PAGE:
Online Safety: An Introduction

Web Surfing as a Family Adventure

Yahoo is committed to helping create a safe online experience. With your child in mind, Yahoo has created Yahoo Kids and built safety features into many of its services. Yahoo also complies with the Children's Online Privacy Protection Act (COPPA), a federal law designed to protect children under the age of 13 online.

But as a parent or caregiver, only you can judge what constitutes a positive and educational online experience for your child. You need to take an active role in assessing when and where your child uses the Internet and what he or she does while online.

Parenting for the online world is very similar to parenting in the real world. Don't let your child go anywhere unsupervised until you’re sure he or she can handle it properly. Don't allow your child to talk to strangers, especially if you're not around. And try to keep an eye on how he or she is spending free time and with whom.

Create a basic safety foundation for your child online by emphasizing two rules: Do not give out any personal information online, and do not set up face-to-face meetings with anyone without a parent's permission.

Before Your Child Goes Online:

  • Learn about the Web. Take a course or ask a knowledgeable friend or relative. Become familiar with how to sign on to web sites, search for information online, and use communication tools such as email and instant messages. Yahoo Help can guide you through using many Yahoo products, and Yahoo Safely’s Parents Guide discusses some risks and safety features of specific products that your child is likely to use.
  • Decide where to put your child’s computer. Place the computer that your child uses in the most public area of your home, so you can monitor activity. If your child has access to laptops and cell phones that can access the Internet, establish rules about when and where your child may be online.
  • Parental control software. Familiarize yourself with parental control software and any control features of your online service or ISP. Some programs allow you to filter specific sites, a group of sites that the software deems inappropriate, or sites with inappropriate keywords in them. But remember that software is not a substitute for true parental supervision.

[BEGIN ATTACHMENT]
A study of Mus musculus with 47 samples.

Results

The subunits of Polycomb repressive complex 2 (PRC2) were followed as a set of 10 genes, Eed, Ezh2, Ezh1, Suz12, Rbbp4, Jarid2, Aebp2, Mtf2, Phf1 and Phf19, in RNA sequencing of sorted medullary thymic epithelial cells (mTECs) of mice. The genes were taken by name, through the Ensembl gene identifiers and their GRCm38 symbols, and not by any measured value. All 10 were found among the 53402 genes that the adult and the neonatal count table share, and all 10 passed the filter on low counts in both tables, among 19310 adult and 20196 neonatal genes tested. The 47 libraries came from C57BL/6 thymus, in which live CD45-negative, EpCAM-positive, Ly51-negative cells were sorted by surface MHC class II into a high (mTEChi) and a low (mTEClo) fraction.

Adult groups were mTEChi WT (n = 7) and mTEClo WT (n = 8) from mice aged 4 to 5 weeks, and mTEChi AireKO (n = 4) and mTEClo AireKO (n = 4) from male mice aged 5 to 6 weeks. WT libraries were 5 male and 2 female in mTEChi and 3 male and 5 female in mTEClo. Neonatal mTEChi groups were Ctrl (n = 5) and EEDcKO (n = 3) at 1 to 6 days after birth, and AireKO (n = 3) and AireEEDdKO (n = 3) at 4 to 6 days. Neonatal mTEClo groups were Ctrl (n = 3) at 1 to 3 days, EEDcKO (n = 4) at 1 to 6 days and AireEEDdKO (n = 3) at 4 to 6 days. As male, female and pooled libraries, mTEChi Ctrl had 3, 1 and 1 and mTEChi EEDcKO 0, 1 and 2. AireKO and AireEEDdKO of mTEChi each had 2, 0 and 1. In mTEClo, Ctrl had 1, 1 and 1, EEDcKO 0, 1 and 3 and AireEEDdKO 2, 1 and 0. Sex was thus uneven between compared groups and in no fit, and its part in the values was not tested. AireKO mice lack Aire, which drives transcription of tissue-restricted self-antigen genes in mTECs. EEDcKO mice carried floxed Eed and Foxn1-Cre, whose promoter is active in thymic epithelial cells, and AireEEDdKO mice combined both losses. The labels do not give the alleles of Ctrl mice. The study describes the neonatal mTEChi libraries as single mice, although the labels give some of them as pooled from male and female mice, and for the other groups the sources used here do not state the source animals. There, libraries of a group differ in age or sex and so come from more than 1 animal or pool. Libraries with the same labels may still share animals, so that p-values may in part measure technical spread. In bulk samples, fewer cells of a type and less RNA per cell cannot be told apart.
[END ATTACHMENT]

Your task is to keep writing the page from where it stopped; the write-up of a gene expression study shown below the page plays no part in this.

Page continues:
• Create a Family Pledge for Online Safety. This pledge should clearly state what your child is and is not allowed to do online. Involve your child in the creation of the pledge, both as an opportunity to talk about the issues that will arise and as a way to get his or her input. With a little awareness and preparation, you can minimize the risks involved in letting your child interact with others online.

When Your Child is Online

  • Create a user ID. To use many web sites, including some Yahoo sites, you must first register. Learn how to create a safe online ID.
  • Keep passwords private. If a password gets into the wrong hands, you could be locked out of your own account, fall victim to identity theft, or be subject to harassment. “Phishing” is a common ploy used to gain access to online accounts by trying to trick you into giving out your password and other personal information. Learn more about password "phishing" scams. Yahoo will never ask for a password or other personal information by email. Beware of fake emails that make such requests. Also, learn how to choose a password.
  • Protect personal information. Teach your child about the importance of safeguarding his or her identity by not posting personal information online. Personal details such as last name, address, phone numbers, school name, date of birth, and photos can be used to identify a child or teenager in real life. To further protect personal information, learn about the role of web sites’ privacy policies.
  • Beware of strangers. When chatting online, playing games, or posting messages, keep in mind that you never know the people you are communicating with. Your child should use caution when approached by someone unknown, just as in real life. Instruct your child to reject invitations from unknown users and never respond to email or instant messages that make him or her feel uncomfortable. And to tell a parent about any personal or sexual questions from a stranger online. Many Yahoo services also allow you to block or ignore specific users. Choose a specific service to learn how to set up this blocking.
  • Beware of requests for in-person meetings. Your child should never arrange a face-to-face meeting with an online acquaintance without involving you. The Internet can be a great way for your child to meet people with similar interests, but unfortunately, people are not always who they seem or say they are.
  • Be aware of cyberbullying. Adults pose a risk to your child online, but so do other kids. Your child might receive unkind messages online from his or her peers. Or a classmate might pretend to be your child and post false information or unflattering photos on a web site. This is the online version of the bullying that goes on in kids’ real lives. As a parent, you should keep communication open with your child so that you can help out when such situations occur.

Most importantly, spend time with your child looking at web sites — it can offer a window into his or her interests, concerns, and ways of thinking. Enjoy this opportunity to have some fun together, while explaining what is and isn't appropriate behavior, and why. Make it enjoyable and productive time so that in the future, your child will feel comfortable sharing both good and bad online experiences with you.

Even if your child follows all of these precautions, he or she might still encounter inappropriate material or receive unpleasant messages from other users. If such inappropriate or sexually suggestive language, hate speech, or harassment occurs on Yahoo, please report abuse to the service your child was using.